There has always been, and will always be, the problem of surviving the experience that any trained expert can handle ... when there hasn't been any first survivor to be an expert! When no one has ever gotten back to explain what happened....
"Oil!" Deston exclaimed, involuntarily, as everything fell into place in his mind. The way she walked; poetry in motion ... the oil-witch ... two empires ... more millions than he had dimes.... "Oh, you're Barbara Warner, then."
"Why, of course; but my friends call me 'Bobby'. Didn't you--but of course you didn't--you never read passenger lists. If you did, you'd've got a tingle, too."
"I got plenty of tingle without reading, believe me. However, I never expected to----"
"Don't say it, dear!" She got up and took both his hands in hers. "I know how you feel. I don't like to let you ruin your career, either, but nothing can separate us, now that we've found each other. So I'll tell you this." Her eyes looked steadily into his. "If it bothers you the least bit, later on, I'll give every dollar I own to some foundation or other, I swear it."
He laughed shamefacedly as he took her in his arms. "Since that's the way you look at it, it won't bother me a bit."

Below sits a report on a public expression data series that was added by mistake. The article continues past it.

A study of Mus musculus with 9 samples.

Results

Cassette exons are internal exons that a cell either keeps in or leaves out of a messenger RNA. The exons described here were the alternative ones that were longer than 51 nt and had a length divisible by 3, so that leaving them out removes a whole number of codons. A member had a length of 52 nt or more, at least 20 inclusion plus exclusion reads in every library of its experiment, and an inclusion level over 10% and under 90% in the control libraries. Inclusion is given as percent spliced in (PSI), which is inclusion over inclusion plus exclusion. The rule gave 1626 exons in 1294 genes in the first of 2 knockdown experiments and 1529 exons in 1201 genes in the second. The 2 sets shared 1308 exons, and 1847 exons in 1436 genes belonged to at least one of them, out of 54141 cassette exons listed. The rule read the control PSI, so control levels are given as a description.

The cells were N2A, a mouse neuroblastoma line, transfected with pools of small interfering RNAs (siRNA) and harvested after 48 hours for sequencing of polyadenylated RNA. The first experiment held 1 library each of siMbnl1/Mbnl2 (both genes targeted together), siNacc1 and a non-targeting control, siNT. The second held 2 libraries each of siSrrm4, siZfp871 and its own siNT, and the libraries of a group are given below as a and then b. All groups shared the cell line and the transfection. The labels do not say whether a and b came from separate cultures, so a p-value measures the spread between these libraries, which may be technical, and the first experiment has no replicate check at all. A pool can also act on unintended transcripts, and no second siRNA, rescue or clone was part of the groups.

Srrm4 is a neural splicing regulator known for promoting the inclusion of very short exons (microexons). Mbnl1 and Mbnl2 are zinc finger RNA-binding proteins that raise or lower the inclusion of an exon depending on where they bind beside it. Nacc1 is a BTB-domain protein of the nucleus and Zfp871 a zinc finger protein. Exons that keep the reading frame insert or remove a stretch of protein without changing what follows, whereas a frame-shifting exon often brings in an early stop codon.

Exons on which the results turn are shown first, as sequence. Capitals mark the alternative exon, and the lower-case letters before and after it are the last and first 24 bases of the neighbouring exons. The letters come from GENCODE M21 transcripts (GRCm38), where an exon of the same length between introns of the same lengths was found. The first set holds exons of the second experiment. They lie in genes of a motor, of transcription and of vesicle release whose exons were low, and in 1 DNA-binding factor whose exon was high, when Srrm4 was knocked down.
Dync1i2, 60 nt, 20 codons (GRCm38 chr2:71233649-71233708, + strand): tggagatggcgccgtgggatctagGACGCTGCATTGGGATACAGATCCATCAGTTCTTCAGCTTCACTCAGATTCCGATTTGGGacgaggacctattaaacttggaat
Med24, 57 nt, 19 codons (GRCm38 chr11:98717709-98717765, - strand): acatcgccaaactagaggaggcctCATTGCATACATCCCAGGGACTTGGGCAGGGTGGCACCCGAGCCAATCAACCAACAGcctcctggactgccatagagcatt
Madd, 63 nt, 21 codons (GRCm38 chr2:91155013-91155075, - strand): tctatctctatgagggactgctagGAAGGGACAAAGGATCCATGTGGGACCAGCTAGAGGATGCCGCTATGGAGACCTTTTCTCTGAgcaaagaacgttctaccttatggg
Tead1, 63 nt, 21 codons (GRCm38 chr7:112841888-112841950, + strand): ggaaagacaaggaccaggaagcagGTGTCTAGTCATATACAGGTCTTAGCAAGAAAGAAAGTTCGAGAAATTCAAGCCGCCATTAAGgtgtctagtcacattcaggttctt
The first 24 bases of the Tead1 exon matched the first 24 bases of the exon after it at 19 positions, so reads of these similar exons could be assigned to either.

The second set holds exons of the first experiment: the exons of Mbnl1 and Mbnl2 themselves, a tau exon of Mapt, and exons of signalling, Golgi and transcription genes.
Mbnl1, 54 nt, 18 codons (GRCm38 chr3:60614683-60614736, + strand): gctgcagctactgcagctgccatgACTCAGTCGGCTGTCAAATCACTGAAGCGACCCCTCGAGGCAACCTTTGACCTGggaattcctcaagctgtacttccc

A better-than-average space opera. Two crewmen and their wives (all conveniently psychic) and four (non-psychic) mobsters are the only surviving members of the crew and passengers when a hyper-space liner is knocked back into real space by a collision with a mysterious something.
They have to repair the ship, dispose of the bodies, figure out where they are, and reach a planet.
Because the guys are able to do anything, none of the dangers is ever very threatening, they're more like chores. The descriptions and characterizations are good, and the plot moves along. It's very good pulp writing, but don't expect a lot of hard science.